The Church of England has formally apologised for its “shameful” treatment of LGBTQI+ people.
The Bishops of the Church of England wrote a letter admitting LGBTQI+ people have “received a hostile and homophobic response” at times but should be and are “welcome and valued”.
It comes after the church said it would refuse to allow same-sex couples to get married in its churches, but would bless same-sex civil marriages for the first time.
The letter says: “We want to apologise for the ways in which the Church of England has treated LGBTQI+ people – both those who worship in our churches and those who do not.
“For the times we have rejected or excluded you, and those you love, we are deeply sorry. The occasions on which you have received a hostile and homophobic response in our churches are shameful and for this we repent.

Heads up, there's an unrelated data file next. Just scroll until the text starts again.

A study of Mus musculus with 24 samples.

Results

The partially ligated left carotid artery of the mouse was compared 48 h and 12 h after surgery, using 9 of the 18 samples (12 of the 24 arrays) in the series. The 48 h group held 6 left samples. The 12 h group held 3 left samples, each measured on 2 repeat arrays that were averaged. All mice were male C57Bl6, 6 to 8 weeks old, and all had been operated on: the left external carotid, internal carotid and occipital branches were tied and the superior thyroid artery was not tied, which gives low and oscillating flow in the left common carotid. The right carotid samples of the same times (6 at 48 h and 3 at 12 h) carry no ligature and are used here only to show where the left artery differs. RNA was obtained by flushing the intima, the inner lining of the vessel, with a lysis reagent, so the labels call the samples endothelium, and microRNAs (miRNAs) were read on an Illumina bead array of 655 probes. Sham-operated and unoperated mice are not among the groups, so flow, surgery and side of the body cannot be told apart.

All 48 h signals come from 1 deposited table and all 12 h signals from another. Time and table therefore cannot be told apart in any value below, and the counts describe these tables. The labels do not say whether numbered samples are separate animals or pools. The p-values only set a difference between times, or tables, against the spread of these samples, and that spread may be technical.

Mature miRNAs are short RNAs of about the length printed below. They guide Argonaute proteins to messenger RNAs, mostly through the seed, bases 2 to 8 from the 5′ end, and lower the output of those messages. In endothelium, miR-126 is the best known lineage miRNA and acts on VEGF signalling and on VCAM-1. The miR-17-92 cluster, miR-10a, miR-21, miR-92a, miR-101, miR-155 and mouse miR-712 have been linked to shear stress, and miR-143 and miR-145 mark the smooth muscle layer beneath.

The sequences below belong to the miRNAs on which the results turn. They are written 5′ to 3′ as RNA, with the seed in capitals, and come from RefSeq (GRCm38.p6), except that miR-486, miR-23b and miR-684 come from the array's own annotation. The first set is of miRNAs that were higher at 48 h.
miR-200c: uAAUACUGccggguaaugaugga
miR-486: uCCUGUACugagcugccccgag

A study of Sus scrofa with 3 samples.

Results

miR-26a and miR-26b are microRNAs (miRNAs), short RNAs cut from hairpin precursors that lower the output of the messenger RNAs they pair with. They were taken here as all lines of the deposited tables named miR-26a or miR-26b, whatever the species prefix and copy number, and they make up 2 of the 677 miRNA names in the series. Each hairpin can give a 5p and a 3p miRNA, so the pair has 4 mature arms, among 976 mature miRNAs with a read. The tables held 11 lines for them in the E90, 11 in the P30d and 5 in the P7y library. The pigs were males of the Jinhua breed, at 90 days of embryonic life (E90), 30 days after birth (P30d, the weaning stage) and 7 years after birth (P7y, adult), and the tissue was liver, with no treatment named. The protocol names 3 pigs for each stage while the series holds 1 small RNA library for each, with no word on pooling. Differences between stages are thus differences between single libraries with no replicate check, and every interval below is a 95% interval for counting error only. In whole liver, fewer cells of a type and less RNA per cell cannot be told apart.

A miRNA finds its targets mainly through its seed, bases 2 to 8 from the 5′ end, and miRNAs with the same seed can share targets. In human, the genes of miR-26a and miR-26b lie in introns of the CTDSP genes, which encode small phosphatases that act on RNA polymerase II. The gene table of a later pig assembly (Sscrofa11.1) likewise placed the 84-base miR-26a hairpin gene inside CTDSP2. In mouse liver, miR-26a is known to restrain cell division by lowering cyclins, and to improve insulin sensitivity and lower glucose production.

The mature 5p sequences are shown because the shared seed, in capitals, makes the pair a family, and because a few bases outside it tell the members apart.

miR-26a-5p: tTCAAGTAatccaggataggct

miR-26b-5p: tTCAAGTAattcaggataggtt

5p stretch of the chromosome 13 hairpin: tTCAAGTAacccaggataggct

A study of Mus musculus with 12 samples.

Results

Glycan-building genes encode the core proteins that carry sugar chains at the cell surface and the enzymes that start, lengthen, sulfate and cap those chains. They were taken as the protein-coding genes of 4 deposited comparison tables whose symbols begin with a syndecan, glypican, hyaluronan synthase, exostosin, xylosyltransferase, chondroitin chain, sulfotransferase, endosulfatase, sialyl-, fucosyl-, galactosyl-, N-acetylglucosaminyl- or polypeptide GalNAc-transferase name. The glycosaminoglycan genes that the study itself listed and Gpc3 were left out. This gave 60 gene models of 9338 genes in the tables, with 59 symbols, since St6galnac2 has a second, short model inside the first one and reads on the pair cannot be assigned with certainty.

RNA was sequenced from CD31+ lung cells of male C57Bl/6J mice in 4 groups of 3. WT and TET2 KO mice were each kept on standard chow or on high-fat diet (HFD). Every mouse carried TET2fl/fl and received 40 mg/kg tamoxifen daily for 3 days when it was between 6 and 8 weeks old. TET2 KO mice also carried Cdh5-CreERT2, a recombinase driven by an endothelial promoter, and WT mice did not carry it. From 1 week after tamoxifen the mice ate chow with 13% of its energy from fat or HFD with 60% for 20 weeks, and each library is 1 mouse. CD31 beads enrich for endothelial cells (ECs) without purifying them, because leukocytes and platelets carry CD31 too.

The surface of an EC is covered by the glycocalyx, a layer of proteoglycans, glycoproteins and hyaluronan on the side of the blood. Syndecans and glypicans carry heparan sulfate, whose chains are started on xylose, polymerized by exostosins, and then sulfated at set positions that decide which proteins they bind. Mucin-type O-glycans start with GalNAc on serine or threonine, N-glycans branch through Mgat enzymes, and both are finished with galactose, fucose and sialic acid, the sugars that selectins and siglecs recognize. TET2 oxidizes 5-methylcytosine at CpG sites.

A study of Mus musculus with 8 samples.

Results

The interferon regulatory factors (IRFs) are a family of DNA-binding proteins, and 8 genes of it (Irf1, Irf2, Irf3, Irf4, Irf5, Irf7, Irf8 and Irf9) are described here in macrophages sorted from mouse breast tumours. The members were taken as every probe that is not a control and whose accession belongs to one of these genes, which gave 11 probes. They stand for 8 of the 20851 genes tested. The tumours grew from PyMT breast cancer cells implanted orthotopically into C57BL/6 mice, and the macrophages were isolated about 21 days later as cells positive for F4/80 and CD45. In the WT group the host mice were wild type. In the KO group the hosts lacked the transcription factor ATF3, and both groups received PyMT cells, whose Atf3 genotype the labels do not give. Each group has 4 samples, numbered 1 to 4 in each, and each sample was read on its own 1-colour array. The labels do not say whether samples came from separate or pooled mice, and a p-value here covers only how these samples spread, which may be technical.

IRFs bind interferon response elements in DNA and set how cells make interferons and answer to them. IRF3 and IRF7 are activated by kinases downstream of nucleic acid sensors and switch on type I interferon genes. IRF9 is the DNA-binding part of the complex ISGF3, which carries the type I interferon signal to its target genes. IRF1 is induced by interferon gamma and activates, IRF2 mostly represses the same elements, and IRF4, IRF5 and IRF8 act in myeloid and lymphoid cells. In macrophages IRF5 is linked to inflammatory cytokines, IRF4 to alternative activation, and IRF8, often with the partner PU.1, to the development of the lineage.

“As we have listened, we have been told time and time again how we have failed LGBTQI+ people. We have not loved you as God loves you, and that is profoundly wrong.
“We affirm, publicly and unequivocally, that LGBTQI+ people are welcome and valued: we are all children of God.”
Decision will ‘go too far for some and not nearly far enough for others’
The Archbishop of Canterbury, Justin Welby, said the decision on same-sex marriage was a bid to “seek the common good” but admitted it will “go too far for some and not nearly far enough for others”.
The plans, which will be outlined in a report to the General Synod, will allow same-sex couples to attend church for services including prayers of dedication, thanksgiving and God’s blessing following a legal marriage ceremony.
The synod will be asked to discuss the proposals when it meets from 6 to 9 February. The main debate on the proposals is set for 8 February.